A Buying Guide to Effects Pedals

Bass Gear Guide

A Buying Guide to Effects Pedals

A Buying Guide to Effects Pedals

A Buying Guide to Effects Pedals…

A Buying Guide to Effects Pedals… No bass guitar player’s arsenal would be complete without a range of pedals. These pieces of musical equipment have changed musical history since a faulty mechanism that distorted sound was discovered in the 1940s. And with guitar sales increasing in recent years, the demand for these accessories has increased as well. Bass guitar effect pedals, however, can be daunting to shop for. There are so many brands, models, colors, and technical components that one needs to take into consideration. Getting the right information to make a good decision on which guitar pedal you need is essential. Here are the top considerations to help you make the right choice when buying a bass guitar pedal:

Overdrive and Distortion Effects

Historically, guitar distortion came about accidentally when tube amplifiers were turned up too loud and experimentation ensued. This effect was initially considered an undesirable sound, but guitar players soon realized that distorted signals could increase the amount of sustain from each note played. Depending on how drawn out and heavy you want your bass to sound, distortion effects are a major consideration when buying a pedal.

Many bass players only use one sound, which can become boring after a little while. Overdrive and distortion effects can add more flavor to your playing style. And since distortions are a form of compression, it can also help your bass sound more even since overdriving a bass guitar makes it less unpredictable. Distortion also attracts attention, which is sometimes needed for the bass, especially when you’re doing a solo! So if this matches your playing style, you may want a pedal that has provisions for custom distortions.

Analog and Digital Effects

Effects that were created for pedals up until the early 1980s were all done via analog circuitry. This means that the pedals directly modified the actual sound signal. Digital effects, on the other hand, convert an instrument’s output digitally before modifying the sound and translating it back into analog for output. This is thanks to components called printed circuit boards (PCB). Digital effects pedals are made with high-density interconnected PCBs, which are designed to pack more capabilities into smaller circuitry units. This eventually allowed digital pedals to produce pitch-shifting effects, delays, and harmony processors.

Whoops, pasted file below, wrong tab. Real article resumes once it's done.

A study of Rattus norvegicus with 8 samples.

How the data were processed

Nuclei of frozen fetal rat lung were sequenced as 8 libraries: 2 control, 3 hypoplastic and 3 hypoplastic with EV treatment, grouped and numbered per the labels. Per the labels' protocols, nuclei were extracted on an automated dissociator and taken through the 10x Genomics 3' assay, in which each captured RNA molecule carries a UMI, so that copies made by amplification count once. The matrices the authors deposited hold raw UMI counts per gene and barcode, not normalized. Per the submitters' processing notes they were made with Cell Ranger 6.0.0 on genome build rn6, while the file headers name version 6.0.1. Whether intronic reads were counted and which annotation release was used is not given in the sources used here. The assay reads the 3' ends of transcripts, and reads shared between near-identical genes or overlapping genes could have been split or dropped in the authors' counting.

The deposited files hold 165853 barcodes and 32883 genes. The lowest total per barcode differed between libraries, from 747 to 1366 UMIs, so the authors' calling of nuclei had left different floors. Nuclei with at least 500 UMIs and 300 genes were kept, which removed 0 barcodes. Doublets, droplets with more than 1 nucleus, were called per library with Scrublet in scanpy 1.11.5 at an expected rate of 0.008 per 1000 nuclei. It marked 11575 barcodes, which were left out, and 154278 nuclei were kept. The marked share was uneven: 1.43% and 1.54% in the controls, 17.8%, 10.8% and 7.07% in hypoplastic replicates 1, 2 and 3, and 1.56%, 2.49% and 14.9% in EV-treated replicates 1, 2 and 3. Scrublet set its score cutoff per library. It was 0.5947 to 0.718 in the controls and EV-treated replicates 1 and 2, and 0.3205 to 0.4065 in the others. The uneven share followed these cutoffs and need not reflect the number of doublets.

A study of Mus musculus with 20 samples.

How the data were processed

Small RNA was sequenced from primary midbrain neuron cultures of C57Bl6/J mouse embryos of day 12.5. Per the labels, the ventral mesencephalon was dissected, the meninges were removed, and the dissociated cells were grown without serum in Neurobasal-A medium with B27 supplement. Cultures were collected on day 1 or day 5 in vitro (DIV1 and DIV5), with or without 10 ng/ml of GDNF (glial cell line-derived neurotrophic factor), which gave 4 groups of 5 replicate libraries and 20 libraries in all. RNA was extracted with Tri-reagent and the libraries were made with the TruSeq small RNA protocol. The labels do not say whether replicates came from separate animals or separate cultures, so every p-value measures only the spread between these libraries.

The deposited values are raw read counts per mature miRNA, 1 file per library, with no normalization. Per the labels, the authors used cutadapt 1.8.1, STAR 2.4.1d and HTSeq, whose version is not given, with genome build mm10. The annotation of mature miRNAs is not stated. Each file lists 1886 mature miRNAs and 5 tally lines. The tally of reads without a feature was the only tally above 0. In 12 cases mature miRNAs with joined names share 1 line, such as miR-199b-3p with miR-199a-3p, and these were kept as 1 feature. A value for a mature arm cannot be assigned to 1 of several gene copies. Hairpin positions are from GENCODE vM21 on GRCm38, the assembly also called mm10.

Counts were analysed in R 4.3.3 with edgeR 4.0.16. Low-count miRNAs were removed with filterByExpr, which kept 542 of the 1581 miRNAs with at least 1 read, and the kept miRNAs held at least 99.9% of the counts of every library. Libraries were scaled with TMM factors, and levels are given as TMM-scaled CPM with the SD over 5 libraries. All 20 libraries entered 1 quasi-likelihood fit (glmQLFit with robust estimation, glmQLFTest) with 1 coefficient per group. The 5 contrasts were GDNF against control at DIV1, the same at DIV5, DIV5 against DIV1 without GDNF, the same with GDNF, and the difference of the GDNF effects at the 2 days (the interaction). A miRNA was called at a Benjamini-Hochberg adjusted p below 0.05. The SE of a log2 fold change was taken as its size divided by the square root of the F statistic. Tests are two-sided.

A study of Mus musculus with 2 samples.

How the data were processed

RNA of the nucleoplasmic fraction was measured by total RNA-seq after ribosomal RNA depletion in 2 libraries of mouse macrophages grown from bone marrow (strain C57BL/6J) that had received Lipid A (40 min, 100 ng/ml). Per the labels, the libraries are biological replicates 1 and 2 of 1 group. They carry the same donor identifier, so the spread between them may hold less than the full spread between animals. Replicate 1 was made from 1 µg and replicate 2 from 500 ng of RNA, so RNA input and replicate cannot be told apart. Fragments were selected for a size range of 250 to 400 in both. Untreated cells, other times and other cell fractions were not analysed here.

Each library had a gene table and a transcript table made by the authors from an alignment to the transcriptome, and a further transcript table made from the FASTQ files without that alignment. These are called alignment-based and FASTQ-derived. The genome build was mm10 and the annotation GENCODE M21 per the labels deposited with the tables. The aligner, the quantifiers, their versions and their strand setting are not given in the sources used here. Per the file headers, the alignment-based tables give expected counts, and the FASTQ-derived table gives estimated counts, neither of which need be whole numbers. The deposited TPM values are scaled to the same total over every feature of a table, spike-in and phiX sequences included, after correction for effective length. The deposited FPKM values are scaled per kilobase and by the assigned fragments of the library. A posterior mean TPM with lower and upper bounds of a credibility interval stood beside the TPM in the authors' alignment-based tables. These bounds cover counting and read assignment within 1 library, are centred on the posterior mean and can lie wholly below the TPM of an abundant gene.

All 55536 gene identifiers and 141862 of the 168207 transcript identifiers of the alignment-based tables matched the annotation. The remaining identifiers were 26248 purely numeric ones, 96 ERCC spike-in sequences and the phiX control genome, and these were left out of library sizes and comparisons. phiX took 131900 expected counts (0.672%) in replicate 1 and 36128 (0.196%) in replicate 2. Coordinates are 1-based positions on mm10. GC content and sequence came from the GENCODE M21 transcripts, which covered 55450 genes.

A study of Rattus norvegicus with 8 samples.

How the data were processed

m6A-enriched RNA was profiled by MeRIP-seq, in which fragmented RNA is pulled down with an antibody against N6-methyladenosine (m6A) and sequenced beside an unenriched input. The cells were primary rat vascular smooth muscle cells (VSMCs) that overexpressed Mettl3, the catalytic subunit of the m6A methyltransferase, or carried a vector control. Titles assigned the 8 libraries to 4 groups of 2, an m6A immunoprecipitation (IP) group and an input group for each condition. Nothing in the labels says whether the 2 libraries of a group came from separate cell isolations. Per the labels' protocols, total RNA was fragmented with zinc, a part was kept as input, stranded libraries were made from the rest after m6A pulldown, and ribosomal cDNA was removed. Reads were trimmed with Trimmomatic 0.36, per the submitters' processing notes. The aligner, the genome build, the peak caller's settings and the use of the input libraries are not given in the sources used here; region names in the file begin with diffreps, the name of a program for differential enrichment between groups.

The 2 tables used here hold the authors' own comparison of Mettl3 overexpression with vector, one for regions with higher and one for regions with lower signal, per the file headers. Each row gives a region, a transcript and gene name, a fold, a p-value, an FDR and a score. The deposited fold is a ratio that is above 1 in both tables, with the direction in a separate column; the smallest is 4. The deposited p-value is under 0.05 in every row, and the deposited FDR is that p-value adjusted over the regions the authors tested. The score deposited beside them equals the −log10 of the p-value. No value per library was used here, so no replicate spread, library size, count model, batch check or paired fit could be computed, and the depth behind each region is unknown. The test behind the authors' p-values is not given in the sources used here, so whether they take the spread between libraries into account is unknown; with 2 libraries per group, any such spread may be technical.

While many players prefer the more modern reissues of analog effects pedals, most of what’s available on the market today run on digital circuitry. These effects are advanced enough that they’re almost indistinguishable from their analog counterparts. Many professionals use digital effects, and it’s a good option to consider when buying your first bass effects pedal.


Most multi-effects pedal units come with presets. These generally include a complete setup with several effects applied and modified to produce an overall sound. Presets are typically very easy to access and come with almost all modern pedals. If you’re buying a pedal for the first time, then it may be a good idea to invest in a modern processor with good presets. This will allow you to experiment with your sound without having to create your own.

It is also an advantage to get a unit that will allow you to make your own favorite presets as you start to develop a more personalized and unique sound on your bass. As you maintain and set up your bass guitar over time, you can create several of your own presets to fit your preferences. You can start with a factory preset, modify the sounds to your taste, then save it in your own location to use at the touch of a button when you play.